Gay Pride Celebration

Taiwan Celebrates Covid-Free Gay Pride

Following the news that Taiwan has been successful in ridding itself of coronavirus, the island saw tens of thousands of people gather together to celebrate gay pride.

Seen as one of the countries at the front of promoting gay rights in Asia, Taiwan allowed same-sex marriage in May 2019, the first in the area to do so, and was only two years after it had been ruled that it was illegal to class marriage as being only between two members of the opposite sex.

And with over 200 consecutive days of no local coronavirus infections minimum social distancing measures are required meaning not only could the country celebrate equality but they could do so without fear of illness. Taiwan has been able to maintain the spread of the virus and has only had 573 confirmed cases of the virus and seven deaths in a population of 24 million citizens.

In a year of continuing disheartening news it was a pleasure to see balloons and rainbow colored flags carried through the capital Taipei by those in attendance. One drag queen, Wu Po-sung, wore a handmade “wedding banquet” dress – in the country’s traditional marriage color of red – which also had table settings on it.

Speaking to AFP, Wu said, “Gay marriage is now in its second year. I was hoping to be able to attend all of my friends’ wedding banquets and that’s why I am dressed like a wedding banquet.”


Taipei resident Eve Teo was also proud and said, “I feel that Taiwan has really set an example, to be able to have a normal life and also to continue with this Pride event even though the world is not able to come this year.”

The day before the parade saw two same-sex couple allowed to attend a mass wedding that was hosted by the military, highlighting another step forward in the gay rights campaign in the region.

Alongside 188 couples from Taiwan’s army, navy and air force that had gathered together to exchange vows were Yumi Meng and Major Wang Yi as well as Li Li-chen and Lieutenant Chen Ying-hsuan.

Since the law was put in place last year more than 4,000 couples have registered their same-sex marriages.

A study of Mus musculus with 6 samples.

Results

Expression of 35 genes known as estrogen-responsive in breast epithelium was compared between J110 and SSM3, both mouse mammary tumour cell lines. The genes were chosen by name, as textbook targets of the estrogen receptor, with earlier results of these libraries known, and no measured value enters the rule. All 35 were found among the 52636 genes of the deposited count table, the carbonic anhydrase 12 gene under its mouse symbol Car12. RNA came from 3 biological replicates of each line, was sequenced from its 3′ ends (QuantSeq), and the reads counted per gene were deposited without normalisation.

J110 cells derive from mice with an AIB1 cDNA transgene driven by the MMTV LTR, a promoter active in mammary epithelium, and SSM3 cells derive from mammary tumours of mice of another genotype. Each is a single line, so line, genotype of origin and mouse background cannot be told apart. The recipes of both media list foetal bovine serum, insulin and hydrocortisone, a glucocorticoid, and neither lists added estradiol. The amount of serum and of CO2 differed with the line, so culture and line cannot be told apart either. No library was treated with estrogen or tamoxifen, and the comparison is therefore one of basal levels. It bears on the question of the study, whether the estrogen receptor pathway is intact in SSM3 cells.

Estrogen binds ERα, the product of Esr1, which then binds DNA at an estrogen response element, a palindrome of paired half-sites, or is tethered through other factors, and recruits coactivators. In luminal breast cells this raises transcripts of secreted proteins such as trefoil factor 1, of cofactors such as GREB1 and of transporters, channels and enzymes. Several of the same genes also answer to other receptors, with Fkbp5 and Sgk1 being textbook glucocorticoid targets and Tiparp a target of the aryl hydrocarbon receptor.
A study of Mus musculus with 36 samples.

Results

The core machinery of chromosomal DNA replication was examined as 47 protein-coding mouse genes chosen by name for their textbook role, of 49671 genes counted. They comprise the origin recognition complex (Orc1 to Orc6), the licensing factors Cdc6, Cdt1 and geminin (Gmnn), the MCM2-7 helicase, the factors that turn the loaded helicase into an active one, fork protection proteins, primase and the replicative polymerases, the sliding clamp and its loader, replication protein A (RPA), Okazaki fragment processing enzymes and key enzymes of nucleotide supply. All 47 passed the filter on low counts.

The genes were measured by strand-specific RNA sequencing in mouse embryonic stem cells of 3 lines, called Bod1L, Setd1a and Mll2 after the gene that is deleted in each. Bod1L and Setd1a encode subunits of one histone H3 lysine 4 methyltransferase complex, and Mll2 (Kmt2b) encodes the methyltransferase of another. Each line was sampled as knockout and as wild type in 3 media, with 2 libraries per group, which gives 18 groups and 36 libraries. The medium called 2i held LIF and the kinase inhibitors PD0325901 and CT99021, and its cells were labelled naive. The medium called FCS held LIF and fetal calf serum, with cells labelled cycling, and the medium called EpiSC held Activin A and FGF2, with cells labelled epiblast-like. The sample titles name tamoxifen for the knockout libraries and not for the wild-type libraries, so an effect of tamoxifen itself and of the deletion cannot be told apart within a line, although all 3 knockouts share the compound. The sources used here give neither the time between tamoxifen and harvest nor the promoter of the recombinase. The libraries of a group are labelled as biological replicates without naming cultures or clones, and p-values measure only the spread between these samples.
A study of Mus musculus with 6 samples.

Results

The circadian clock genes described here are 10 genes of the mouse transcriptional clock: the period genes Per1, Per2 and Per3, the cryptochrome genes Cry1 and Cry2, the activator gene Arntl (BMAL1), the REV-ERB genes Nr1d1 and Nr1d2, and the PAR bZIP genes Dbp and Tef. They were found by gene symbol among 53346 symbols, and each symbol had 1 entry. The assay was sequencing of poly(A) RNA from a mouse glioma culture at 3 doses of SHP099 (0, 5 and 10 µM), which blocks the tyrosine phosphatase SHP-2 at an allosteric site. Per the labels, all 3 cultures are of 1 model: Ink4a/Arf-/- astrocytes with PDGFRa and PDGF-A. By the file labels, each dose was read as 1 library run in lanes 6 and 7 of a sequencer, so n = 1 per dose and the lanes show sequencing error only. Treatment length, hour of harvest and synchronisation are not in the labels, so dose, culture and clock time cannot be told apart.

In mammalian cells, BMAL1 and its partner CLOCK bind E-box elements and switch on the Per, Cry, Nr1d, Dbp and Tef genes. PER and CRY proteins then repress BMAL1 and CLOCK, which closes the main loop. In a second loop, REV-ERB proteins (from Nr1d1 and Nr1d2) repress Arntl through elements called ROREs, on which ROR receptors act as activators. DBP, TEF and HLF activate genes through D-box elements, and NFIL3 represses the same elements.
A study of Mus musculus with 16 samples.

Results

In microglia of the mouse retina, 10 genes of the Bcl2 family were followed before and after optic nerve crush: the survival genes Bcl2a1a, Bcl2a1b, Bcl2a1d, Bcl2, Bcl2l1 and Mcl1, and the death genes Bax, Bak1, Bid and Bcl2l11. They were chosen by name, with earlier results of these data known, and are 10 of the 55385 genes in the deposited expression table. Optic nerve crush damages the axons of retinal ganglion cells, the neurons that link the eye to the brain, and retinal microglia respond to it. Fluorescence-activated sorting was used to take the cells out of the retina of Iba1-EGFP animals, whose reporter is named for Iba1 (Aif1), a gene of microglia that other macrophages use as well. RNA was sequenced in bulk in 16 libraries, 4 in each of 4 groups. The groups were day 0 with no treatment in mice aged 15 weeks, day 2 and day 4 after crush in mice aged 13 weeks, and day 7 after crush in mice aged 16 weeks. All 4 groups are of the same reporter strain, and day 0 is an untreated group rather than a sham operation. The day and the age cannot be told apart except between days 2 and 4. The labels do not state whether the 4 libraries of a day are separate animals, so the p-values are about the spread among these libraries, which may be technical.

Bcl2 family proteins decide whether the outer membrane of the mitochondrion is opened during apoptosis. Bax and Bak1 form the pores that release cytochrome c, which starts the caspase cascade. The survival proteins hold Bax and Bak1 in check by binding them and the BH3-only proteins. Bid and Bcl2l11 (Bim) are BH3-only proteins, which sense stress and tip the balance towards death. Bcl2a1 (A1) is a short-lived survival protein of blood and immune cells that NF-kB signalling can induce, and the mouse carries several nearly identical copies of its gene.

Although the traditional pride month is June many were unable to attend pride marches due to Covid-19 restrictions, however Taiwanese LGBT groups did hold a smaller march to show their support for the gay community.

According to estimates, more than 130,000 attended the 18th pride march, which was a decrease of around 70,000 from last year mainly due to international visitors being unable to head to Taiwan.


Taking to Facebook, President Tsai Ing-wen wrote, “Today’s key words are love, tolerance and a better Taiwan. Let’s work hard to make them the key words for everyday”.

However there has been resistance from religious groups on the island who do not approve of same-sex marriage while a high proportion of the elder generations have also fought against the move. Despite many voicing their displeasure at President Tsai Ing-wen putting forward the same-sex legislation last year, she went on to win a second term in a January election that was hugely in her favor. However while the law is in force it is still in its early stages as there are still some restrictions imposed on them, such as adoption, that heterosexual couples do not have to face. There is also a law that states that Taiwanese citizens are only allowed to marry someone from another country so long as that country has legalized same-sex marriage.

Chien Chi-chieh, the secretary-general of the Taiwan Alliance to Promote Civil Partnership Rights said, “Taiwan is Asia’s first, which means most of our neighboring countries do not recognize same-sex marriages.

“So, if a Taiwanese has a partner from South Korea, Japan, Hong Kong, China, Malaysia, Vietnam, Philippines, they all can’t get married. There’s a huge number of couples like that in Taiwan,” she added.

There are also some who believe the parade was a good step in educating the community about equality and LGBTQ issues. Chi Chia-wei has been actively campaigning since the 1980s for more education to be made available. “In schools, they don’t teach children that after same-sex marriage is passed, there will be a lot of LGBT families. They don’t let children understand this, and so there needs to be more effort to strengthen this.”